Political and Ethnic violence in Karachi- A historical perspective
In almost every instance, Karachi is undergoing multiple transitions at the same time i.e. political, modernization, globalization, urbanization, violence and crime, resulting in gradual but consistent erosion of internal social cohesion. Recent studies suggest that such a deterioration of the social fabric has made individuals and groups less amiable, hence, inability to develop their own collective interests.
Muhajir - Sindhi Clashes. These began soon after partition on the contentious issue of distribution of Hindu Evacuee property distribution disputes between the migrants and local settlers.
Pashtun - Muhajir Riots. After Ayub Khan’s victory in Presidential Elections, riots erupted between Muhajirs supporting Mohtarama Fatima Jinnah and Hazara-Pashtuns supporting Ayub Khan leading to large scale blood bath in the city.
Political Violence in 1970s. Three major areas which fueled political violence in the 1970s were:-
(a) Sindhi - Muhajir Language Riots (1972)
(b) Post Elections Political Riots (1977)
(c) Armed Militarization of University Campuses
Emergence of MQM. . The idea of Muhajirs forming a distinct ethnic group became a rallying point against the so called repression and discrimination from Sindhis, Pashtuns, Punjabis and Baloch. However, the MQM has faced off against all ethnic groups in the efforts to wield power including the security forces.
The Muhajir - Pashtun Riots (1985). Until the 1980s, Muhajir entrepreneurs managed and apportioned illegal subdivisions of the settlements. This status quo was challenged, however, by Pashtuns migrating to Karachi from Northwestern Pakistan. Muhajir entrepreneurs retention of control over squatter settlements and public transport in the city, resulted in rise in ethnic tensions between Muhajirs and Pashtuns, leading to Karachi’s first citywide ethnic riot in April 1985, which claimed more than a hundred lives.
ANP and Pashtun Support. Since 2003, Pashtuns have challenged the MQM dominance through ANP platform. The Pashtun resistance is more akin to power, sharing of entrepreneurship and transport control in the city; especially in Pashtun dominated areas. ANP has emerged as the sole representative of indigenous Pashtuns and Afghan Pashtuns.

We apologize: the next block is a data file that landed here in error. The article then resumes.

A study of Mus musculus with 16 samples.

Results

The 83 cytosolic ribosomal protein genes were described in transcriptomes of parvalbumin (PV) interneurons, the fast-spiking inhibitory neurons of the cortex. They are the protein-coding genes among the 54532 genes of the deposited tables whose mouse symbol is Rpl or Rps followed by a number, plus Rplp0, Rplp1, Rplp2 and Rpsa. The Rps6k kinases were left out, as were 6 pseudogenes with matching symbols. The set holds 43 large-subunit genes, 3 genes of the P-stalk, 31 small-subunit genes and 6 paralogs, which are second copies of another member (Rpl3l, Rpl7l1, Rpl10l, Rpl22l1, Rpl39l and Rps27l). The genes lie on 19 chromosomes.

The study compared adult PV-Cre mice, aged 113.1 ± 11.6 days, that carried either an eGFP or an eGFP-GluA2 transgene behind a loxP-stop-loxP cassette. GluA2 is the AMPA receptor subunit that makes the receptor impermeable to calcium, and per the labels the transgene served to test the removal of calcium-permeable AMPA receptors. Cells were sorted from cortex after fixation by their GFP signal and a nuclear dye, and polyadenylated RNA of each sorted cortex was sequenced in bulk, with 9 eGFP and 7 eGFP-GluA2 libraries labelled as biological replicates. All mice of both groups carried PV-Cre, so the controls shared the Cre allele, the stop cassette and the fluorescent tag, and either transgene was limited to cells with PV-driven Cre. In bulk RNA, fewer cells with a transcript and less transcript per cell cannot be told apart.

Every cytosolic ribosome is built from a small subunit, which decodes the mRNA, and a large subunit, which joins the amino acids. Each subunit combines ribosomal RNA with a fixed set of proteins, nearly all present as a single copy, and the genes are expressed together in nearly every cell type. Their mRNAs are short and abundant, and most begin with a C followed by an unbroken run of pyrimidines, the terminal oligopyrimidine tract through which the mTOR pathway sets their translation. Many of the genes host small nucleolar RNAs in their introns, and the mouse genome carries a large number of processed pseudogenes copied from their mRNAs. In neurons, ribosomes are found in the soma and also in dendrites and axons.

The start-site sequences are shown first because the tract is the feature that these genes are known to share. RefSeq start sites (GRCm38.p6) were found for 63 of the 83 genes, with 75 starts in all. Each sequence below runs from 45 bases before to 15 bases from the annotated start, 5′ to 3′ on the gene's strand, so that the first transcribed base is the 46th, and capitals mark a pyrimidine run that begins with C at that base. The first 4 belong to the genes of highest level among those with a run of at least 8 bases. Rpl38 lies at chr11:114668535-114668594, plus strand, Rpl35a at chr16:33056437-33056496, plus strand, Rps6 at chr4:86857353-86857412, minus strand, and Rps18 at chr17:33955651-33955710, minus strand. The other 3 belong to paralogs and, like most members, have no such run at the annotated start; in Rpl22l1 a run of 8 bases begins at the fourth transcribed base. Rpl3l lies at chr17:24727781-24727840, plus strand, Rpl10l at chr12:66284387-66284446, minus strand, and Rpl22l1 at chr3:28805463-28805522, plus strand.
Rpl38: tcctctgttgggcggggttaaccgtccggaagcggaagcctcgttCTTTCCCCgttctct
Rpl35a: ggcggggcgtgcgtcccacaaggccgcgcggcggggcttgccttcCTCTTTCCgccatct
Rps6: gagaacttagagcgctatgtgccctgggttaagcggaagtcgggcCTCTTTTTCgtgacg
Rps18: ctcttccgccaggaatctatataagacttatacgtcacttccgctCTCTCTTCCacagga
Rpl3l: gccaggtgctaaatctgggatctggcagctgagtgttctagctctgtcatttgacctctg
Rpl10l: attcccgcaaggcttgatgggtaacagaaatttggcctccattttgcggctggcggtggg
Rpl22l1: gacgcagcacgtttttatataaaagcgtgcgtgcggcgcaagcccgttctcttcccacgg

Formation of Peoples Amn Committee (PAC). The recent increase in violence against ethnic Baloch in areas as Liyari have resulted in establishment of Peoples Amn Committee (PAC). It mainly constitutes Baloch representation and breakaway faction of PPP. It has progressively strengthened itself to challenge the PPP and MQM dominance.
Battleground Karachi. Home to 22 million people, Karachi has become a battlefield for the ethnic and political parties. It has transformed into a safe heaven for criminal and drug gangs. Mafia groups have developed alliances with political and ethnic groups and religious extremists. The highly complex nature of ethno-political landscape is the recipe for social unrest and law & order situation in Karachi. Muhajirs, Sindhis, Baloch, Pashtuns, Bengalis, Burmese and Afghans have contributed in exacerbating the already precarious security milieu.
Proliferation of Militancy. Karachi’s precarious security situation has been marred by recent rise in militant and terrorist attacks. With more than 3,000 madrassahs, the city serves as a preferred sanctuary, organizational hub, fundraising and recruitment grounds of the Tehrik-e-Taliban Pakistan (TTP) and other banned sectarian outfits and militant groups.
Mapping Terrorism. Along with Pakistan’s northwestern tribal belt, Karachi also has emerged as a vital hub of terrorism. TTP’s expansion since 2008 has been matched by its extraordinary progress in military tactics. In 2011, one of the TTP’s most bold attacks unfolded in Karachi, when militants attacked Pakistan Naval Station (PNS) Mehran, killing thirteen people and destroying two P-3C Orion maritime surveillance aircraft. That same month, the global consulting firm Mercer ranked Karachi 216th out of 221 cities; the lowest in the Asia-Pacific region on a Personal Safety Index that accounted for ethnic and sectarian violence as well as terrorist attacks.
Political Patronage of Violence. In the turf war between criminal gangs, patronage of mainstream political parties is the actual issue. Political support undermines police. Political parties regulate violence to suit their agendas. The state has lost its writ in Karachi”.
Policymakers must urgently address Karachi’s violence and implement comprehensive rather than cosmetic solutions. Given the central importance of Karachi, the provincial administration with support of Federal government should take measures to stem crime, violence and lawlessness in the city. The only solution to incessant ethno-political violence and criminal activities is political negotiation leading to a culture of representative politics. In a nutshell, the way forward through existing milieu of crime, violence and law & order situation in Karachi is through good governance, strong political will, political reconciliation, power sharing and efficient policing a& justice system devoid of any political constraints. A peaceful and prosperous Karachi is the key to Pakistan’s progress and prosperity.